Turkey and the expanding dead body of NATO

Turkey has too many grievances against Washington's foreign policy to just yield to American demands concerning NATO expansion in Scandinavia.

What we will see, as the US tries to overcome resistance from Turkey, is that the initiative to expand NATO does not at all come from Finland or Sweden’s leadership. It comes entirely from the regime in the United States, which always relied on what it calls influence operations and suitcases of cash to achieve its selfish foreign policy objectives.

Pushing NATO to the limit

Turkey essentially demands that its NATO allies stop supporting its foreign and domestic enemies, and is looking to get US sanctions reversed in exchange for its cooperation on NATO expansion. These are reasonable demands of an ally.

However, in the above link, where the demands are listed, American Iraq War lunatic Michael Rubin does an adequate job expressing how NATO heads will probably react to the defiance expressed by a member state. They will argue that Turkey should be expelled from NATO, for which there is no mechanism, and neither is there a mechanism that may override the veto right of Turkey.

Some NATO ideologues will probably say that Turkey's president Recep Tayyip Erdogan should be killed, as this reflects the kind of damaged and deranged ideation in American foreign policy now.

A more and more coercive NATO, in which the US government simply compels member states to obey it and serve its narrow foreign policy interests, is a NATO that could fall apart.

Is NATO dead?

The standoff could reveal that, far from being reinvigorated by Russia's actions in Ukraine, NATO is dead.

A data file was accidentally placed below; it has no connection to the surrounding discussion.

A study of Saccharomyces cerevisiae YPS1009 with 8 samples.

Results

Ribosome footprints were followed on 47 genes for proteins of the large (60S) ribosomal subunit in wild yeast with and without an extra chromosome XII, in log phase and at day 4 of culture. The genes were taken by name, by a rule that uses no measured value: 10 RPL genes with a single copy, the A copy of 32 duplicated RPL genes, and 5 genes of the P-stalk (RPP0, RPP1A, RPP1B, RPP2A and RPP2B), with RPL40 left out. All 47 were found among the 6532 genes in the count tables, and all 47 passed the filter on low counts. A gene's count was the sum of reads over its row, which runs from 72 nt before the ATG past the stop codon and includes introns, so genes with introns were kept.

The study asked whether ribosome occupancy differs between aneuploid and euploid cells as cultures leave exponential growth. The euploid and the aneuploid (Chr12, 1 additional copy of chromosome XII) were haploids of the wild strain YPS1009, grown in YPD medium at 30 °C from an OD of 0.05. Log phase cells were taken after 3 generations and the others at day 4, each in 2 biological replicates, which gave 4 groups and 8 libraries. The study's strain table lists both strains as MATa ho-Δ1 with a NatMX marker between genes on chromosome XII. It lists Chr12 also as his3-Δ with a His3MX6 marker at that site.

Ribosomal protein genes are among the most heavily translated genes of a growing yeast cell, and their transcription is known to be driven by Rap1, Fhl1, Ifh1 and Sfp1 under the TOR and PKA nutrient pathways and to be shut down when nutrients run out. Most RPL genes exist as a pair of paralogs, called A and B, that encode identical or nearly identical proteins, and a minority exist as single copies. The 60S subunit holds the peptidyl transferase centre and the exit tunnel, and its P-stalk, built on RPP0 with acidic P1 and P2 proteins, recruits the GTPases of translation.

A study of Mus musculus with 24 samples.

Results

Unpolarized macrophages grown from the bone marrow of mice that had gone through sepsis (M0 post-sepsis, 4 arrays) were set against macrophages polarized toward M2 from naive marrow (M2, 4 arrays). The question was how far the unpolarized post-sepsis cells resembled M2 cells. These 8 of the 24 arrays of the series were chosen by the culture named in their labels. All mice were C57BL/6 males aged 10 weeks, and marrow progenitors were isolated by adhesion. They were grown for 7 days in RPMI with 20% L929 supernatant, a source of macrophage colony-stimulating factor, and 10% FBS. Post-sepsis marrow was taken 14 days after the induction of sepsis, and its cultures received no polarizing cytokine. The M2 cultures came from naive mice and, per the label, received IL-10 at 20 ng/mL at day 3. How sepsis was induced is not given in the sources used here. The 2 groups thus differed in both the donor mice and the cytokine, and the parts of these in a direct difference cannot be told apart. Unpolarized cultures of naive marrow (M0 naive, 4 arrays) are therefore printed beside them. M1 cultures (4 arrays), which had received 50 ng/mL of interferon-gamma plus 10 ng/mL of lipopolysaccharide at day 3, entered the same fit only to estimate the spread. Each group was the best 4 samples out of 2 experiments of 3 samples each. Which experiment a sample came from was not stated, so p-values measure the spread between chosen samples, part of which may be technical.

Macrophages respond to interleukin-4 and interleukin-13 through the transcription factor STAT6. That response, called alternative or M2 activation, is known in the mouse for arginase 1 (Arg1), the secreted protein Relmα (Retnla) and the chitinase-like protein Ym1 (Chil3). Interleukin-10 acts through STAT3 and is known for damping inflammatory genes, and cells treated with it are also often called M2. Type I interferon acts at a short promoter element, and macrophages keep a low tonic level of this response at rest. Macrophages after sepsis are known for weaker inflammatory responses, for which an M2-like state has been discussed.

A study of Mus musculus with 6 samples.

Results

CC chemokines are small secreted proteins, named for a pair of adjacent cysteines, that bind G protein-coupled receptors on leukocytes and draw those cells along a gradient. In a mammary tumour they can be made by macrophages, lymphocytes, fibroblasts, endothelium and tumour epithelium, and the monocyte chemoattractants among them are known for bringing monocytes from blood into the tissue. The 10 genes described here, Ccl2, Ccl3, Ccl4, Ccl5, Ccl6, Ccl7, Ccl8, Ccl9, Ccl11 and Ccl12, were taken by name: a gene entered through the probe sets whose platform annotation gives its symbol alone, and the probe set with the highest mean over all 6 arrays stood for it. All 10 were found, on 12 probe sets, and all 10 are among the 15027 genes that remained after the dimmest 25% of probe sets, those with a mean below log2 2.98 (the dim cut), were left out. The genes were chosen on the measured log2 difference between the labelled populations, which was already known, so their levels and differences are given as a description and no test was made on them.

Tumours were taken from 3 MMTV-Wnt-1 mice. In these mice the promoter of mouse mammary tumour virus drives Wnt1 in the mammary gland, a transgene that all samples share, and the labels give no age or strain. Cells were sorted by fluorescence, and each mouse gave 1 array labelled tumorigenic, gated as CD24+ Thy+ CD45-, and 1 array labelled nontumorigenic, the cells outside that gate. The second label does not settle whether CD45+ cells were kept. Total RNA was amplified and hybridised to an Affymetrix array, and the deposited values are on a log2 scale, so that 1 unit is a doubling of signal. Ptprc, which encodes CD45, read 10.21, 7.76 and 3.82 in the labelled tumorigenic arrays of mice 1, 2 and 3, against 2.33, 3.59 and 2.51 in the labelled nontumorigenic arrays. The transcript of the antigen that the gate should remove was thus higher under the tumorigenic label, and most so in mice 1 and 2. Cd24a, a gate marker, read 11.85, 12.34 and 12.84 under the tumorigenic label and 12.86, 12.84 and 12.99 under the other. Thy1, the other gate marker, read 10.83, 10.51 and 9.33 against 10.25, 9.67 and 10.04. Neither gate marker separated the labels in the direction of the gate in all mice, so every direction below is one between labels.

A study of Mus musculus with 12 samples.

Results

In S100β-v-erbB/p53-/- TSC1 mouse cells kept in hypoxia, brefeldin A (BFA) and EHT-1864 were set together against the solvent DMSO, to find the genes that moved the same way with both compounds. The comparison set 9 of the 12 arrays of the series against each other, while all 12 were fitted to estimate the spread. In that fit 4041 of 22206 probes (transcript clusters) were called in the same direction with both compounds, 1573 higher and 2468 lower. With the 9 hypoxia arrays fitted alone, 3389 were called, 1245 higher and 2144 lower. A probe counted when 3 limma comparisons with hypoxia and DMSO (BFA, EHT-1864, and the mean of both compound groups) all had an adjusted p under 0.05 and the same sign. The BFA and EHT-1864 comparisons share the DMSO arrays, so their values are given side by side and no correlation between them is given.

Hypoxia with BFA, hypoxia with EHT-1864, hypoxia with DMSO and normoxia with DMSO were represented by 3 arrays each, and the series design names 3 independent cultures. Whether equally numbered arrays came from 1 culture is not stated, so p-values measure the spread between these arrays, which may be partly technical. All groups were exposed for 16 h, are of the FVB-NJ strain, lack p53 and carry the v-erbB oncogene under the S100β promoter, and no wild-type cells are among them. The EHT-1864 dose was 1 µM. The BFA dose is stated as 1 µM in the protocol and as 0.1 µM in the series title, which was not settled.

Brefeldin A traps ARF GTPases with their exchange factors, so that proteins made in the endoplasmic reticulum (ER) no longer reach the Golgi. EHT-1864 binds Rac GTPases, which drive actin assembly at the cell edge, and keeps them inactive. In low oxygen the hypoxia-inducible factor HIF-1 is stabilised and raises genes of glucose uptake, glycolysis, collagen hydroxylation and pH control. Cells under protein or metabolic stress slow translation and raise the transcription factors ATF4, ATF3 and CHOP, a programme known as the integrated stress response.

The lack of a mechanism to remove Turkey from NATO means that the NATO members will have to all become law-breakers and fail to follow their own founding document, if they want to cast Turkey out. If, alternatively, the US decides to place additional sanctions on Turkey, this will likely backfire and result in Turkey using its veto more regularly, as well as even more cooperation by the NATO member with Russia and China, making the alliance an increasingly meaningless dead weight.

What is happening suggests that NATO at least does not function very well for US foreign goals. This only raises the question as to why anyone would want to expand an alliance that is dead and simply retains the bulk of the members from a bygone political constellation in the Cold War. The current standoff makes a much better case for dissolving and replacing NATO than expanding it, even if one holds the aggressive American views that guide foreign policy in the North Atlantic Area now.

NATO and the EU could both be replaced by smaller blocs, with the EU also experiencing a similar impasse with Poland and Hungary and the ideologues similarly threatening expulsion.